When his flight plans go awry, an uptight businessman with a deadline on making it home to his wife ends up sharing a ride cross-country with a quirky, obnoxiously over-friendly fellow traveler whose cheerful demeanor shields a tragic past. This is the basic plot description for "Due Date," director Todd Phillips' follow-up to 2009's rapturously overrated "The Hangover
," but it could just as easily describe 1987's alternately hilarious, heartbreaking "Planes, Trains and Automobiles." There's really no way of avoiding the comparison since these two films are so similar; indeed, "Due Date" could actually be considered a loose remake if the makers actually copped to stealing wholesale from that John Hughes classic. Whereas "Planes, Trains and Automobiles" stands tall as one of the great comedies of the past quarter-century, able to make the viewer guffaw with laughter one minute and tear up the next no matter if he or she has seen it once or a hundred times, "Due Date" comes off as a pale, uninspired rendition that will be all but forgotten in a few years' time.
With pregnant wife Sarah (Michelle Monaghan) scheduled for a C-section in three days, architect Peter Highman (Robert Downey Jr.) is looking forward to returning home to Los Angeles after finishing up a business trip in Atlanta. When an altercation on his plane with uncouth fellow passenger Ethan Tremblay (Zach Galifianakis) gets both of them kicked off and placed on the no-fly list, Peter, whose wallet and all his cash have gone missing, has little choice but to agree to accompany Ethan back west. Wacky misadventures ensue, with Peter at first barely able to tolerate Ethan and then growing to sympathize with his plight (coming from his father's funeral, Ethan wants to stop off at the Grand Canyon to scatter his ashes).
No fault of Zach Galifianakis (2010's "It's Kind of a Funny Story
"), who exhibits on-target comic timing and the ability to also give his character a certain amount of pathos, but Ethan Tremblay is every bit as annoying as Peter thinks he is. One feels sorry for the lonely Ethan, whose best friend is his pug and who has overzealous dreams of going to Hollywood and making it as an actor, but that doesn't make him any more tolerable. Socially inept, Ethan blatantly masturbates before bed when the two of them have to sleep in their rental car and inconsiderately laughs at Peter when he tells him a sad story about his own father walking out on his family when he was six. Peter's frustrations over his travelmate are understandable, but he's not exactly the nicest of guys, either, physically and verbally berating Ethan, spitting on his dog, and, in another scene, intentionally running over drainage ditches while Ethan rides in the back of a pick-up truck. Whereas the deep affection and understanding that accumulates between odd couple Steve Martin and John Candy in "Planes, Trains and Automobiles" is increasingly evident, the friendship between Peter and Ethan comes too late in the game and feels forced by the requirements of the formulaic screenplay credited to fourcount 'em, fourwriters. Alan R. Cohen, Alan Freedland, Adam Sztykiel and Todd Phillips owe a lot to that earlier picture, yet have missed the mark in trying to replicate its genuine humor and ultimate humanity.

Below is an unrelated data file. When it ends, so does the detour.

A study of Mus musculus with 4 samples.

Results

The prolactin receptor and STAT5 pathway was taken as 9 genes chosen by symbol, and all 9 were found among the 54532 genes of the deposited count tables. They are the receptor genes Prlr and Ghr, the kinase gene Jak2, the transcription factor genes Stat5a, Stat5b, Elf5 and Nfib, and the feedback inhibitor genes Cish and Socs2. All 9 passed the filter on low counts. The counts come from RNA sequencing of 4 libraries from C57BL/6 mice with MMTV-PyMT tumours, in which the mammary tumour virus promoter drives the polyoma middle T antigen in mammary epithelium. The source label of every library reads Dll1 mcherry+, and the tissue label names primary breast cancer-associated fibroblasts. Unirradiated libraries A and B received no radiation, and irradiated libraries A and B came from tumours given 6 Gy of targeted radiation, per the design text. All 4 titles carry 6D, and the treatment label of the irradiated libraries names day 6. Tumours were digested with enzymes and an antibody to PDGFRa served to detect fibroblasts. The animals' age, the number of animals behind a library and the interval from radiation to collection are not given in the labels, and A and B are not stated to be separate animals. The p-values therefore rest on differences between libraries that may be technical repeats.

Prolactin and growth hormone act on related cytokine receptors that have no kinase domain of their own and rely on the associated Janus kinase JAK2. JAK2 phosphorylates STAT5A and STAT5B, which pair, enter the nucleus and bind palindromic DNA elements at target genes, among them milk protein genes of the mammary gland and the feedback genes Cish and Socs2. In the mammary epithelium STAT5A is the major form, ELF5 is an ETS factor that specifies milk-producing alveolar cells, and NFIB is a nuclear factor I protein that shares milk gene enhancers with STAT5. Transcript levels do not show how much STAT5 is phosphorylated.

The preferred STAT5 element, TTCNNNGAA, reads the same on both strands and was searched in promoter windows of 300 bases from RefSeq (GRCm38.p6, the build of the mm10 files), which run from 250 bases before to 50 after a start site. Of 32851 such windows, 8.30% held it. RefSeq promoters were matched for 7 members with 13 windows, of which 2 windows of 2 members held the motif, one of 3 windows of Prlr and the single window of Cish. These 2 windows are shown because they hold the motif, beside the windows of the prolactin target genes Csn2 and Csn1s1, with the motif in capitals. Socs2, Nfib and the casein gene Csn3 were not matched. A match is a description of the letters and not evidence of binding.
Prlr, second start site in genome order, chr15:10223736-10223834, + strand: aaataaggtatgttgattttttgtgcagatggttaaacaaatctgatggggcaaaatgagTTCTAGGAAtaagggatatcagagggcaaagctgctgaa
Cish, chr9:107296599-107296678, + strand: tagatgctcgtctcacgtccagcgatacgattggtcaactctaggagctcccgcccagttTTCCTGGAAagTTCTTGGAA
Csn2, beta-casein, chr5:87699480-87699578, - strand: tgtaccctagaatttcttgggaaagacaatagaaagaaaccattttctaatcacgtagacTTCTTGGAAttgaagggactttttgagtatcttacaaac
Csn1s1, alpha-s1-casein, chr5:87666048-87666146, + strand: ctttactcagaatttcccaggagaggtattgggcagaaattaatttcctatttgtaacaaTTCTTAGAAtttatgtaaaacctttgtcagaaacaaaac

Robert Downey Jr. (2010's "Iron Man 2
") is effective as straight-man Peter Highman, performing as written but not allowed to develop his role much beyond a surface level. A subplot in which he suspects his wife cheated on him with mutual friend Darryl (Jamie Foxx) is dropped almost as quickly as it's introduced. As Ethan, Zach Galifianakis creates a person who actually comes off as authentic in his offbeat personality, but not someone you'd necessarily want to spend time with. When Ethan reveals something that he has been hiding from Peter all along, it is supposed to make the viewer realize how desperate he is for a companion, but only really serves to cement how selfish he is. In relatively thankless secondary roles, Michelle Monaghan (2008's "Eagle Eye
"), as Sarah, spends most of her screen time talking over a phone; Jamie Foxx (2010's "Valentine's Day
") awkwardly shows up and exits with little impact as Darryl, and Juliette Lewis (2010's "Conviction
") continues to be typecast as drug dealer Heidi, whose house Ethan makes a pit stop at to pick up illegal provisions.
With most of the comedic highlights (and payoffs) given away in the trailers and television ads and the rest just embarrassing (a scene where Peter insults an Iraq war vet played by Danny McBride and is accosted by the paralyzed man is painfully tacky), "Due Date" is never as funny as it hopes to be, nor as emotional as its sporadic serious moments intend. One can guess where the plot is headed at every step, but, even if we don't believe it, the film is still paced well enough that it never becomes an all-out burden to watch. With a couple small laughs, a few smiles, and a strong soundtrack nicely mixing the old with the new, "Due Date" diverts disaster even as it wallows in mediocrity. It's too safe to go anywhere that isn't predictable and not clever enough to reach the raucous high it wants to.